SHARE
Source: Instagram/ chefcjdavis

People are consuming far too much salt in their diets, according to a study, which found that participants were eating over 33 percent more salt in their diets than they had thought, increasing the risk of cardiovascular disease.

Dr. Jacqui Webster, associate professor at the George Institute for Global Health told Xinhua on Wednesday that their research took them to the Australian city of Lithgow, where 400 subjects were tested after consuming foods over a 24 hour period.

via GIPHY

Webster said that after conducting urine analysis on the subjects, it was discovered they were consuming 9 grams of salt per day, but thought they were only consuming 6.8 grams of salt, and that this data is also representative of wider results conducted elsewhere.

“Based on the dietary survey which was done in a fairly similar way in Lithgow, and in the Australian Health Survey, we got very similar results.”

RELATED ARTICLE: Top 5 plastic surgery procedures that millennials adore

One potential reason for this could stem from the fact that salt is labelled as sodium in many countries around the world, including Australia where the study was conducted, and according to the the National Heart Foundation of Australia, to work out the salt levels in food requires multiplying the sodium amount by 2.5, which represents the amount of salt found in the food.

This can be confusing for consumers, and Webster said that in some jurisdictions, like the United Kingdom, they also label the salt content in their food products.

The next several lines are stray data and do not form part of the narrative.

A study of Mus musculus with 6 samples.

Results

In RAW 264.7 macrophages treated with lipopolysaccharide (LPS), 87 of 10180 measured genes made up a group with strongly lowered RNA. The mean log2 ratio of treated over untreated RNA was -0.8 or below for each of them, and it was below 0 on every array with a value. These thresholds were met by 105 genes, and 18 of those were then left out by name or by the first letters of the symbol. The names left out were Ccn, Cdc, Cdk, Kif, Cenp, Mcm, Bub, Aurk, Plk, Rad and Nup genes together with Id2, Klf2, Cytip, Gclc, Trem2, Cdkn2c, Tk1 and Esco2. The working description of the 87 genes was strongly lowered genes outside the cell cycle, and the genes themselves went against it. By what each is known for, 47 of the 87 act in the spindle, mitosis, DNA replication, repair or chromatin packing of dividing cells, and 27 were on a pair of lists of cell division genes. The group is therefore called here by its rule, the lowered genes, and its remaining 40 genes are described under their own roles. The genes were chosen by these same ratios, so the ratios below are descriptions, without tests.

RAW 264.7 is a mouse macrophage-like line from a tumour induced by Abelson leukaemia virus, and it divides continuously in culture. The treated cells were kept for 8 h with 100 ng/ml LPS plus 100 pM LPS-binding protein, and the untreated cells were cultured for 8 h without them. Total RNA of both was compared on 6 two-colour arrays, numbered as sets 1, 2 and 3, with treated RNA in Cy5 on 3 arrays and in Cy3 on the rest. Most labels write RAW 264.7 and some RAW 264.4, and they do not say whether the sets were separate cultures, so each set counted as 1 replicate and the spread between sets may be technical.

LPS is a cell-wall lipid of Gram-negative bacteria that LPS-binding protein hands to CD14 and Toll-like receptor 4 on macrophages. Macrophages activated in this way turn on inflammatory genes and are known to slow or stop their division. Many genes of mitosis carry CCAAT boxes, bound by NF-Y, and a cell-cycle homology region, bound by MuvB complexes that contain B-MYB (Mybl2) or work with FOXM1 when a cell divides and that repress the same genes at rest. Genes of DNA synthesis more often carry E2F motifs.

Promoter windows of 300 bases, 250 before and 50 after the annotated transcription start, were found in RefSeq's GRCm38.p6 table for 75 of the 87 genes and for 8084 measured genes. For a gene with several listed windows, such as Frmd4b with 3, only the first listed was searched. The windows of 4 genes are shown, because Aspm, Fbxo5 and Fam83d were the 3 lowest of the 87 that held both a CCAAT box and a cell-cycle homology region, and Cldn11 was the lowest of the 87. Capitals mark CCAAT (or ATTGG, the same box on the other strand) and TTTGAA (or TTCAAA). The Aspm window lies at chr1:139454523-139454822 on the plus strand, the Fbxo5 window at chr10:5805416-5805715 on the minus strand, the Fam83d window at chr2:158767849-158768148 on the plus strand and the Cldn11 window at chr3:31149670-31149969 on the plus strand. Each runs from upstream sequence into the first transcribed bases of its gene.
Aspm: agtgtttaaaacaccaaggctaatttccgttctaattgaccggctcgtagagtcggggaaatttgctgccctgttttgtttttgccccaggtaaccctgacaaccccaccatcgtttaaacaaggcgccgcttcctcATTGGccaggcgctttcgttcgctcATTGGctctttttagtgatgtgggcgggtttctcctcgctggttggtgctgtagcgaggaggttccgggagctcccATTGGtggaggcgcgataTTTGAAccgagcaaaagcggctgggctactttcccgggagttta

“There’s an argument, and certainly in the UK they label salt as well, because more people understand salt than sodium,” Webster said.

In Australia where the study was conducted, a “Health Star Rating” system is used on the front of food packaging, but Webster said that although this system does assist in educating consumers about the levels of salt in foods, it is also tied into to other nutritional aspects of the food composition.

“I think it can be improved. On the whole it is a useful scheme, but we need to be making sure that some of the outliers are addressed,” Webster said.

“It is very challenging, because of the complexity of foods.”

The Heart Foundation recommends that in order to reduce blood pressure, and lower the risk of heart disease, adults should “eat less than 6 grams of salt (2400 mg of sodium) per day,” which Webster said requires more of a coordinated strategy directed at the food industry as a whole.